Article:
A new Frontier Centre study showing that payments to fishermen under the Freshwater Fish Marketing Corporation’s (FFMC) jurisdiction are declining should be a wake-up call to the provinces and territory that are still under it.
A group of about 35 western Manitoba fishers demonstrated in front of the Freshwater Fish Marketing Corp.’s Transcona plant Monday, protesting the federal agency’s seizure last week of mullet destined for Illinois.
Is the Harper government willing to dismantle the supply management system that protects poultry and dairy farmers from competition? You should bet that it is.
The Canadian Wheat Board (CWB) is using old tricks to justify its monopoly over prairie wheat and barley sales. The board is conducting a mail-in plebiscite among western farmers that is rigged to give it the result it wants – namely the appearance of widespread support for its “single-desk” marketing of all wheat and barley harvested for human consumption.
This study looks ahead and assesses possible consequence scenarios to the eventuality that the Canadian Wheat Board is removed in 2012 as many expect.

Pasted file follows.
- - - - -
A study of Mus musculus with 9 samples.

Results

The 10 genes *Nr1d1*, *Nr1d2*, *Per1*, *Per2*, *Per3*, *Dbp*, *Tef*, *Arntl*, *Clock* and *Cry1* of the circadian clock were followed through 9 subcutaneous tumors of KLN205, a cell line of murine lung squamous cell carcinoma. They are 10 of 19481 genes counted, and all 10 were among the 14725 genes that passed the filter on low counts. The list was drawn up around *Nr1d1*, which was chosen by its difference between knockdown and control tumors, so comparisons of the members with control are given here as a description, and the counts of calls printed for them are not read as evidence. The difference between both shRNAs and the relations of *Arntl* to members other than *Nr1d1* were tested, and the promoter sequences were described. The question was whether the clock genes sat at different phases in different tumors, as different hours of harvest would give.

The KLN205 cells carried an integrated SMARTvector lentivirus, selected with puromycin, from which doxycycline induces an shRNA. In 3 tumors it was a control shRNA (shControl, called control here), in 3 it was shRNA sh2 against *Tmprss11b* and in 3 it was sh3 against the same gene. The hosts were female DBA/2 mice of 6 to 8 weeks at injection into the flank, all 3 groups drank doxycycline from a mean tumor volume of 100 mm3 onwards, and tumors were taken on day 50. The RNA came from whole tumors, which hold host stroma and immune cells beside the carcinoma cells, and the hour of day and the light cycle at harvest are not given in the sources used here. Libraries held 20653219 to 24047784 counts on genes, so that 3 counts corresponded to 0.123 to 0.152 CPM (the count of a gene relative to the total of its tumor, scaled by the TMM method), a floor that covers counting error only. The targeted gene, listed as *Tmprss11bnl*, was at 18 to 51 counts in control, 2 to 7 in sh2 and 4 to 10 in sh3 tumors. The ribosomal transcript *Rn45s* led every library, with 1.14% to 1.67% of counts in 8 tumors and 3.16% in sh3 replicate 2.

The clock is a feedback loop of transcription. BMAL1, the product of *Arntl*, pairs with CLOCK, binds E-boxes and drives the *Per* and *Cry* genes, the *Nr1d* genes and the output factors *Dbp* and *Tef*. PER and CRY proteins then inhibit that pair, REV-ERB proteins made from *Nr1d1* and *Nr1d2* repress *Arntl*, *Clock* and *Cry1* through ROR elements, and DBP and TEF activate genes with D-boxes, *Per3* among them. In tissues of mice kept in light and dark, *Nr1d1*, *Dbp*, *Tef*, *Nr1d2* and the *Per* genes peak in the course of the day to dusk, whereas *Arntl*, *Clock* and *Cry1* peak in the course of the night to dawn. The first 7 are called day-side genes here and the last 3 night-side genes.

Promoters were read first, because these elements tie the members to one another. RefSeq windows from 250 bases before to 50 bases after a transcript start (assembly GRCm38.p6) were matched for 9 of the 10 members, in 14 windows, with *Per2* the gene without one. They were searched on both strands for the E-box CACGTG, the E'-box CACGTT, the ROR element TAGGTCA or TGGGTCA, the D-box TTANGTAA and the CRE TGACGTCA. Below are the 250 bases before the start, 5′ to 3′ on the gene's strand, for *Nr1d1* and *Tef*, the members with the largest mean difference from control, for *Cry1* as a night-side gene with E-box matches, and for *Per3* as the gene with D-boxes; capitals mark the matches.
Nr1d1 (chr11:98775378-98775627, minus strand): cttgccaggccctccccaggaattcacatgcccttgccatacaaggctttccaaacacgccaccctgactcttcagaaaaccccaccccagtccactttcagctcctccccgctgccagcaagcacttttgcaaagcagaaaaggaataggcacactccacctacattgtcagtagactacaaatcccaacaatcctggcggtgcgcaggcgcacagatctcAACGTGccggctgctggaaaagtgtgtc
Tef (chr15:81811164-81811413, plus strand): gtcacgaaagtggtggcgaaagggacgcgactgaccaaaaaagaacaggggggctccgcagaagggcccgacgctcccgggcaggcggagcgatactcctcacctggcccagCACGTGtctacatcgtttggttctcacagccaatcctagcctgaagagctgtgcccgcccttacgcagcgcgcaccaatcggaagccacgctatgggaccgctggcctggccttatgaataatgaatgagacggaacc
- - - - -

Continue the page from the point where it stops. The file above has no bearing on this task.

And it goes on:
The board’s claim that by gathering together all prairie grain and selling it in bulk it will achieve a higher price is a myth, because even though it controls the output of around 60,000 farmers, it nonetheless still controls too little grain to push the price up by withholding wheat and barley from the market, then rushing it to the selling floor.
To realize how truly peculiar our milk thinking is, consider another crucial liquid in Canadians’ lives, this one black. When world oil prices fall and their decline is not instantaneously reflected at your local gas pump, the media, the man in the street and Liberal MP Dan McTeague all become apoplectic.
The bottom line is the attempt to make cross-border activity easier, getting people working as a team more often and to capitalize on what may be a long growth cycle for the West.
As the region’s agricultural, food processing, aerospace, transportation and manufacturing sectors mature, there is increasing interest in developing new markets within the region.